Simulating the Serialized Chain

GS1 Healthcare US is helping companies prepare for serialization with the 2015 Readiness Program. Using simulation software in the program, participants model a serialized production environment that sheds insights on real-world implementation issues.

Reference models agreed upon by participants will provide insights on benefits derived from a fully implemented supply chain and help resolve major issues prior to implementation with trading partners, GS1 US says.

The first phase of the program---Basics Forward Logistics---was wrapping up this month. Additional consecutive three-month-long phases will cover Additional Forward Logistics on drop shipments, repackaging and kitting, Reverse Logistics, and Exception Processing.

Upon completion of a phase, participants receive the reference model, along with key learnings derived from the exercise. The models can be related to companies' own processes as they implement coding and prepare to test their systems with trading partners, says Bob Celeste, director, healthcare, GS1 US.

Interested parties can contact Celeste at

“The simulation shows how serialized product and information flows through the supply chain. A company can see how many discrete decisions have to be made in order to put this in place in real life,” Celeste says.

“Companies can also see how policy decisions will affect operations long before making expensive process and documentation changes. This will inform brand protection and regulatory compliance decisions as well as determine the benefit of new trading partner agreements made possible by serialized visibility information,” Celeste says.

“We came up with a model that everyone is happy with. It may not conform exactly to how a company would implement [their program], but it can be related to their own system,” he adds.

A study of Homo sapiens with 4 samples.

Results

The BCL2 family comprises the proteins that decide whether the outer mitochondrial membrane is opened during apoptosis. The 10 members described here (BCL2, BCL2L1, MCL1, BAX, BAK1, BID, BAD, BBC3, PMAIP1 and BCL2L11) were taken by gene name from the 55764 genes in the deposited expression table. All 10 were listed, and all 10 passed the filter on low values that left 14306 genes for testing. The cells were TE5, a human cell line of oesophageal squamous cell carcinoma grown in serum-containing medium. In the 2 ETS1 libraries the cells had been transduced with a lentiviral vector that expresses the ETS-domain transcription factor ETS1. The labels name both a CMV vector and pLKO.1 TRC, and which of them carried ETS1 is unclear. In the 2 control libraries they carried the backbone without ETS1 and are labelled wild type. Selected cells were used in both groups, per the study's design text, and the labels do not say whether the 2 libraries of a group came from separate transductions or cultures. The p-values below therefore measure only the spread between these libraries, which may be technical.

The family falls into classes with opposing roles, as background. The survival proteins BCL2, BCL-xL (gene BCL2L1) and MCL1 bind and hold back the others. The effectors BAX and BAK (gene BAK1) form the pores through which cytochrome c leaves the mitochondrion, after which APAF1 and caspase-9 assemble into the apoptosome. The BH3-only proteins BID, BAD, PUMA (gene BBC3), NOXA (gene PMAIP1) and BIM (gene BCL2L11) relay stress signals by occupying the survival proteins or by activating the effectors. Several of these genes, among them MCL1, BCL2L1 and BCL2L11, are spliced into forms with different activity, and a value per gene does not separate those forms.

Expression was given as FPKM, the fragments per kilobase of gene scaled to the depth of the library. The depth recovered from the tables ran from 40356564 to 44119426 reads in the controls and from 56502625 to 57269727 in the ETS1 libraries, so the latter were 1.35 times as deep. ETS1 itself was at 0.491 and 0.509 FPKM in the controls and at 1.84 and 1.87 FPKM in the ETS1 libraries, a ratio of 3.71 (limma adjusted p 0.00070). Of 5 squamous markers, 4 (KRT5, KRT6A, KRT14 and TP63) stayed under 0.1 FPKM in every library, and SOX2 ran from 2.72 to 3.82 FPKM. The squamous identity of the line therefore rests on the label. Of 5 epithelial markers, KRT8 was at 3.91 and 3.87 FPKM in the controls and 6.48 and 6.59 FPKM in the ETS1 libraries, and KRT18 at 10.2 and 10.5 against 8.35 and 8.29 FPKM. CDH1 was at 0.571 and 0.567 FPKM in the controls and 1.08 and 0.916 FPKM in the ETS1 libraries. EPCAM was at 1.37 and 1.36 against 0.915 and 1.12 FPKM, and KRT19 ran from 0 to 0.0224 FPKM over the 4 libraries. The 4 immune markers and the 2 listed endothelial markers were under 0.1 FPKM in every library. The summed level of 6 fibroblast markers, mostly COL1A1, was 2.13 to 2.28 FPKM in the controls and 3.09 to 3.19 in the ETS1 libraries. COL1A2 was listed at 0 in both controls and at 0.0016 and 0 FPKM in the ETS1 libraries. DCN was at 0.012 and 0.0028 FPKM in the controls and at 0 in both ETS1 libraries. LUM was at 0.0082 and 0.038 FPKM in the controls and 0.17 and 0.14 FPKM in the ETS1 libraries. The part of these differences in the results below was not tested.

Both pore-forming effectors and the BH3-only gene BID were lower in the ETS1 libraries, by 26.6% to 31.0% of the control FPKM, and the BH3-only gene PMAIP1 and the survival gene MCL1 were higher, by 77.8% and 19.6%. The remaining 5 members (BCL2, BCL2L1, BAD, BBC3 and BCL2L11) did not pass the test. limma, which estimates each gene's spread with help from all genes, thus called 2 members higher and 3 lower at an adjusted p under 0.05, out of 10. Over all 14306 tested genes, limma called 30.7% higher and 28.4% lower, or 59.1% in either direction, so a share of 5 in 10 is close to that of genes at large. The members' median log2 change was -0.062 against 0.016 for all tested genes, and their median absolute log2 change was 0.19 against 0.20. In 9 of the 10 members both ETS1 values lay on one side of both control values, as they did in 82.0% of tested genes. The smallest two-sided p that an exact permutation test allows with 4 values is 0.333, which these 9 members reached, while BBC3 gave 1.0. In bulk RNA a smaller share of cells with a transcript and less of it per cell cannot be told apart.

The software models the business steps initiated, products' movement and disposition at each point in time, and the EPCIS event that occurred with the transaction. Realistic processing times are also modeled.

A user can freeze time and click on an item or process to see the EPCIS XML that was executed for each event. “You can view the process as a whole, or drill in to see what occurred at any given point. So, we are not only showing product and information movement, but [also] formatting that into the standard EPCIS XML. If you can get your (real-life solution) to produce that XML, you are in good shape,” Celeste says.

Participants get a run-time version of the model with a database that holds all the EPCIS events generated.

In the Basics Forward Logistics phase, the product becomes traceable in the simulation after the package is labeled with a unique ID. It is traced to an inventory area where the packs are aggregated before going into a case, then through to pallet packaging.

“In later simulations, we will be including API manufacturers, contract packagers, and contract manufacturers,” Celeste says.
The model developed for Basics Forward Logistics includes certain prescribed steps in product handling. For example, a process was established for addressing California's law that says product can't be received unless it is serialized and with a pedigree.
“The receiving area might be out on the dock, or elsewhere. We included a staging or prereceiving area [that draws] a clear line between the staging area and the receiving area. As an example, an item in the staging area for more than an hour needs to go into an undocumented quarantine area where it is treated differently from items going into stock,” Celeste says.

Quarantine areas are also figured in at various points, such as for handling exceptions.

“We are finding out all the ways that things can go wrong. There are 30 different basic exceptions that can occur, and thousands of variations on those, that would be very expensive to work through in an actual pilot or implementation.

“The exceptions are really dead ends. We are trying to formulate a way to resolve them via business-to-business electronic means,” Celeste says.

This article was included in the April 8 issue of PMP News's ePackage Newsletter. To sign up for future e-newsletters, click here.